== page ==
CONDITIONS OF MALABSORPTION
Malabsorption is the inability of the digestive system to absorbone or more of the major vitamins (especially vitamin B12), min-erals (ie, iron and calcium), and nutrients (ie, carbohydrates, fats, and proteins). Interruptions in the complex digestive process may occur anywhere in the digestive system and cause decreased ab-sorption. Diseases of the small intestine are the most common cause of malabsorption.
The conditions that cause malabsorption can be grouped into the following categories:
• Mucosal (transport) disorders causing generalized mal-absorption (eg, celiac sprue, regional enteritis, radiation enteritis)
• Infectious diseases causing generalized malabsorption (eg, small bowel bacterial overgrowth, tropical sprue, Whipple’s disease)
• Luminal problems causing malabsorption (eg, bile acid defi-ciency, Zollinger-Ellison syndrome, pancreatic insufficiency)
• Postoperative malabsorption (eg, after gastric or intestinal resection)
• Disorders that cause malabsorption of specific nutrients (eg, disaccharidase deficiency leading to lactose intolerance)
Table 38-2 lists the clinical and pathologic aspects of malabsorptive diseases.
The hallmarks of malabsorption syndrome from any cause are di-arrhea or frequent, loose, bulky, foul-smelling stools that have in-creased fat content and are often grayish. Patients often have associated abdominal distention, pain, increased flatus, weakness, weight loss, and a decreased sense of well-being. The chief result of malabsorption is malnutrition, manifested by weight loss and other signs of vitamin and mineral deficiency (eg, easy bruising, osteoporosis, anemia). Patients with a malabsorption syndrome, if untreated, become weak and emaciated because of starvation and dehydration. Failure to absorb the fat-soluble vitamins A, D, and K causes a corresponding avitaminosis.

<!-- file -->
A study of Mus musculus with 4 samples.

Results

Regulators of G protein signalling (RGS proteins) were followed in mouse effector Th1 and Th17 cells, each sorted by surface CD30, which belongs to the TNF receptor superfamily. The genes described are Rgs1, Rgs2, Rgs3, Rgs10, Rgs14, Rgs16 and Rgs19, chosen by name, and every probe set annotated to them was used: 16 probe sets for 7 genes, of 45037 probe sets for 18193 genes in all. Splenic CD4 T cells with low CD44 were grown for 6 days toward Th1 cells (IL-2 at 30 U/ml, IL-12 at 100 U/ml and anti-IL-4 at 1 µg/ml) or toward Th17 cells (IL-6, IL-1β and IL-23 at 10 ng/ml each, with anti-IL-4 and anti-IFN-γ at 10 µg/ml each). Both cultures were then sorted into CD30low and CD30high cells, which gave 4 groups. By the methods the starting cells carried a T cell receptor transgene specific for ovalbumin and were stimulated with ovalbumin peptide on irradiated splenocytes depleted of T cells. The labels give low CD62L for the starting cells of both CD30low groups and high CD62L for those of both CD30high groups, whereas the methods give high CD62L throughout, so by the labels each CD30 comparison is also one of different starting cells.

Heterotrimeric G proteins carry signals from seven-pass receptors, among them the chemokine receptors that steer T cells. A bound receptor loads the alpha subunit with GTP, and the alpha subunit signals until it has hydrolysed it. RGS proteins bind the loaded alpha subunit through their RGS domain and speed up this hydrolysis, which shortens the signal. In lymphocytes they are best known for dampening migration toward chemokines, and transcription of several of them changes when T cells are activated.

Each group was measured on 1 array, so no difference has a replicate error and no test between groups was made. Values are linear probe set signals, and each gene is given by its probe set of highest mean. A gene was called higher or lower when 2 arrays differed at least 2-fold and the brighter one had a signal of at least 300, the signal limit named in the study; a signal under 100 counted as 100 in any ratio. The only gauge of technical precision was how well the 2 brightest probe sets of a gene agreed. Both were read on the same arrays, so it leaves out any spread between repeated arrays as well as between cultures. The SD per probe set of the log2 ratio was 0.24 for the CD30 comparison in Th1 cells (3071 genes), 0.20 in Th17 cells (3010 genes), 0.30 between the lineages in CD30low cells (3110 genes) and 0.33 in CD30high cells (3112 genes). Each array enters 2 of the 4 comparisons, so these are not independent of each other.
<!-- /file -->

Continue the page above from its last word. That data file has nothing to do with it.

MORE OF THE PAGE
Several diagnostic tests may be prescribed, including stool studies for quantitative and qualitative fat analysis, lactose tolerance tests, D-xylose absorption tests, and Schilling tests. The hydrogen breath test that is used to evaluate carbohydrate absorption is performed if carbohydrate malabsorption is suspected. En-doscopy with biopsy of the mucosa is the best diagnostic tool. Biopsy of the small intestine is performed to assay enzyme activity or to identify infection or destruction of mucosa. Ultrasound studies, CT scans, and x-ray findings can reveal pancreatic or intestinal tumors that may be the cause. A complete blood cell count is used to detect anemia. Pancreatic function tests can assist in the diagnosis of specific disorders.
Intervention is aimed at avoiding dietary substances that ag-gravate malabsorption and at supplementing nutrients that have been lost. Common supplements are water-soluble vitamins (eg, B12, folic acid), fat-soluble vitamins (ie, A, D, and K), and minerals (eg, calcium, iron). Primary disease states may be man-aged surgically or nonsurgically. Dietary therapy is aimed at re-ducing gluten intake in patients with celiac sprue. Folic acid supplements are prescribed for patients with tropical sprue. Anti-biotics (eg, tetracycline, ampicillin) are sometimes needed in the treatment of tropical sprue and bacterial overgrowth syndromes. Antidiarrheal agents may be used to decrease intestinal spasms. Parenteral fluids may be necessary to treat dehydration.
The nurse provides patient and family education regarding diet and the use of nutritional supplements (Chart 38-2). It is impor-tant to monitor patients with diarrhea for fluid and electrolyte imbalances. The nurse conducts ongoing assessments to deter-mine if the clinical manifestations related to the nutritional deficits have abated. Patient education includes information about the risk of osteoporosis related to malabsorption of calcium.